A bipartisan proposal by U.S. Sens. John Tester (D-MT) and Mike Braun (R-IN) is seeking to reduce regulations for hemp farmers producing grain and fiber reports Ganjapreneur
A bipartisan bill proposed in the U.S. Senate would reduce regulations for hemp farmers producing grain and fiber. The legislation, introduced last week by Sens. John Tester (D-MT) and Mike Braun (R-IN), would end background checks for farmers who are only growing the crop for fiber and grain and end mandatory sampling and testing of crops grown only for fiber or grain.
“It’s important that we set American farmers up for success by cutting burdensome regulations and red tape. This legislation will expand opportunities for industrial hemp producers in Indiana and across the country and allow them to tap into one of the fastest growing agricultural markets.” — Braun in a press release
In a statement, National Hemp Association Executive Director Erica Stark said that the current federal regulatory framework “revolves around the perceived risk of cannabinoids,” which “makes it untenable for hemp to be placed in a rotation with other common commodity crops like corn, soy, or wheat.”
Tester, in a statement, said “It’s time we cut red tape, and make it easier for industrial hemp farmers to get their product to market.”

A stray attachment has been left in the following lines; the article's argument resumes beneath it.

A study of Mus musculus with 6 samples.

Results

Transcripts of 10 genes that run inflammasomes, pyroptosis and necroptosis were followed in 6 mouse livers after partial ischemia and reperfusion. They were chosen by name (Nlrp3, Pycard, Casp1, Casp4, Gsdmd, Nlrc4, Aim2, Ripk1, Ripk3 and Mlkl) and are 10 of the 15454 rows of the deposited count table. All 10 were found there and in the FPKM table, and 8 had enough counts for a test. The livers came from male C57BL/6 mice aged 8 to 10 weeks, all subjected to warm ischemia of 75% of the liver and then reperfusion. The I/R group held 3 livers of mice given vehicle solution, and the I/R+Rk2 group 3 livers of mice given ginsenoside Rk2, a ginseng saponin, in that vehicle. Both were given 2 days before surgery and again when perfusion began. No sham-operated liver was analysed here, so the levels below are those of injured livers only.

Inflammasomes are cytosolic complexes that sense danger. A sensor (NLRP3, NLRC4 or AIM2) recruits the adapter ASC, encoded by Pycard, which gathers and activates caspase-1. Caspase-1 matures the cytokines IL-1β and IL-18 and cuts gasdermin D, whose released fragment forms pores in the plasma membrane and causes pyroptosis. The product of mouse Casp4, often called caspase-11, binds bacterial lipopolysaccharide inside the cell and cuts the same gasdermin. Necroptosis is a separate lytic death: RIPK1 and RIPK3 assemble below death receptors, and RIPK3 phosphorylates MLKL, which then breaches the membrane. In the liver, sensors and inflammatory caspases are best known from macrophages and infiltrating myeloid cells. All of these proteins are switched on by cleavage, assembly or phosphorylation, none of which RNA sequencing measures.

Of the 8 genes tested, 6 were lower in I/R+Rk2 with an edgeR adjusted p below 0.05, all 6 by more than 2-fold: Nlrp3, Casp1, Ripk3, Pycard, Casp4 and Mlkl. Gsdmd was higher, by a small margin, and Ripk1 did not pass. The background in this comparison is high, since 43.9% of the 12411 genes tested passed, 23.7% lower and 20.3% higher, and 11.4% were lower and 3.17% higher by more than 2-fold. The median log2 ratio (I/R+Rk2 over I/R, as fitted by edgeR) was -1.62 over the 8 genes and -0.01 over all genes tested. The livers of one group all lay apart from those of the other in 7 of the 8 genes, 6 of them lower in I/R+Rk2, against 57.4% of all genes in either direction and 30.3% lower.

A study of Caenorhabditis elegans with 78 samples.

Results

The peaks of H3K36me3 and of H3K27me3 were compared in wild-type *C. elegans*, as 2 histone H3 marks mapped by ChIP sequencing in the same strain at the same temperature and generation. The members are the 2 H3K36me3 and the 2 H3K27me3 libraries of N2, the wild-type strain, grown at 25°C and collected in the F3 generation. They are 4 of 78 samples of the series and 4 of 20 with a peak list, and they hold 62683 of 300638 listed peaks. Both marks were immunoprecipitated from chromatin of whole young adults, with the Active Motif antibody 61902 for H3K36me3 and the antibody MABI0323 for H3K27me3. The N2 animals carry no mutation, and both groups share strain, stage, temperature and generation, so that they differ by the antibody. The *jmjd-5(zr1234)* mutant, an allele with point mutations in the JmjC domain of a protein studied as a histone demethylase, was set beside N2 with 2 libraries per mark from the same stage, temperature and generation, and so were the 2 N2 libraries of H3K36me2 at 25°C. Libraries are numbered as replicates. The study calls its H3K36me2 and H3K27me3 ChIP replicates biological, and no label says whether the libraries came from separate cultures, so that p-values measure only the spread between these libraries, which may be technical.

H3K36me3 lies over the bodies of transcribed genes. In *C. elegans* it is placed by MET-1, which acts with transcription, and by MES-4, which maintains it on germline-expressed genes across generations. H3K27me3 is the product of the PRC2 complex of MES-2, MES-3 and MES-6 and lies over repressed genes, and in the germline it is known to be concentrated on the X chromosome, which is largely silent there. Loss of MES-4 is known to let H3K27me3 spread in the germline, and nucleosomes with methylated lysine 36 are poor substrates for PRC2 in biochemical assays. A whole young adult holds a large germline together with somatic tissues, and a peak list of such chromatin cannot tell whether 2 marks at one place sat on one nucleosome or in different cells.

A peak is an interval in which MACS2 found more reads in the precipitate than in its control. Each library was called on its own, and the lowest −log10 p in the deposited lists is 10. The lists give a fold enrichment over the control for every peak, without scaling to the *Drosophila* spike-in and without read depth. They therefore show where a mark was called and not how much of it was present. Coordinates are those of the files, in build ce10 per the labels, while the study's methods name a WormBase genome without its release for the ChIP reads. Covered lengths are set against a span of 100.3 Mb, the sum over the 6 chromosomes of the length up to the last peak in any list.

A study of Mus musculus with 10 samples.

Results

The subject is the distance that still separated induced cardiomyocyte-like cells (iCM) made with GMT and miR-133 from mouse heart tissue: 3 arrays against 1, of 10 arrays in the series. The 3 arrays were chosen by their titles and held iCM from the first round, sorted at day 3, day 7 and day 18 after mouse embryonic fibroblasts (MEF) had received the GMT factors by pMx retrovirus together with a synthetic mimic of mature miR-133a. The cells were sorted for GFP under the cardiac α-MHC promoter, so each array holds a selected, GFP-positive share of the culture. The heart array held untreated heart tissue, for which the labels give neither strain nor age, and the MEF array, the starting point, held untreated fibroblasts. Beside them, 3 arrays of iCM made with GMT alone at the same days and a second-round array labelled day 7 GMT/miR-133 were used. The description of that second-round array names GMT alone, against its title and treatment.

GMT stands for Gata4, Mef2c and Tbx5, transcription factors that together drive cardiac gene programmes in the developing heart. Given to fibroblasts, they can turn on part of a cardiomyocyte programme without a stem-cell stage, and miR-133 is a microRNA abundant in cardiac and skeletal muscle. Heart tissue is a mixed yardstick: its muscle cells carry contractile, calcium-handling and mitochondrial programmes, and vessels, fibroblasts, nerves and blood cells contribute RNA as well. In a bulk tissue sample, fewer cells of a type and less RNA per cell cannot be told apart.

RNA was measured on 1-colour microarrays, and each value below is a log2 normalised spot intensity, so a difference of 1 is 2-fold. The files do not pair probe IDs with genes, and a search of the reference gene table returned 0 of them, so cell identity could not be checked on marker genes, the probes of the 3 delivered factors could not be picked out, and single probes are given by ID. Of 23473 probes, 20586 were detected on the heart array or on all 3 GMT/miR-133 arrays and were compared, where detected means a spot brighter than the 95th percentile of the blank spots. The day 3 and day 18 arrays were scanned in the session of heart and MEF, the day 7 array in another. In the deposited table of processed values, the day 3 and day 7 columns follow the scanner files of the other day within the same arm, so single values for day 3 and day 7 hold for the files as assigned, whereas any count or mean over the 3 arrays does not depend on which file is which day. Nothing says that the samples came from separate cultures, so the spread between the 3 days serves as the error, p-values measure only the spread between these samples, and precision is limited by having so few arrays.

“Montana farmers don’t need government bureaucrats putting unnecessary burdens on their operations,” he said.
Chad Rosen, CEO and founder of Victory Hemp Foods, noted that in Kentucky in the years that followed the federal reforms, the hemp industry “started strong” but after a couple of years his company “found it increasingly difficult to attract acreage from the farms best equipped to grow our grain varieties.”
“Not because of agronomic challenges, but because growing hemp seed requires clearing excessive regulatory hurdles. We have all the resources we need to grow this crop in proximity to our processing center in Kentucky, but frustratingly can’t attract the farmers because the hassle and risk do not justify the return for the farmer,” he said in a statement. “Hemp seed will never be more than a niche crop as long as we treat it so differently from the major row crops. There is no risk to consumers, farmers, or their neighbors in exempting hemp for grain and fiber from these onerous regulations. For farmers that are growing hemp grain, providing a regulatory exemption will help us bring our supply chain back home.”
The measure is currently in the Senate Committee on Agriculture, Nutrition, and Forestry.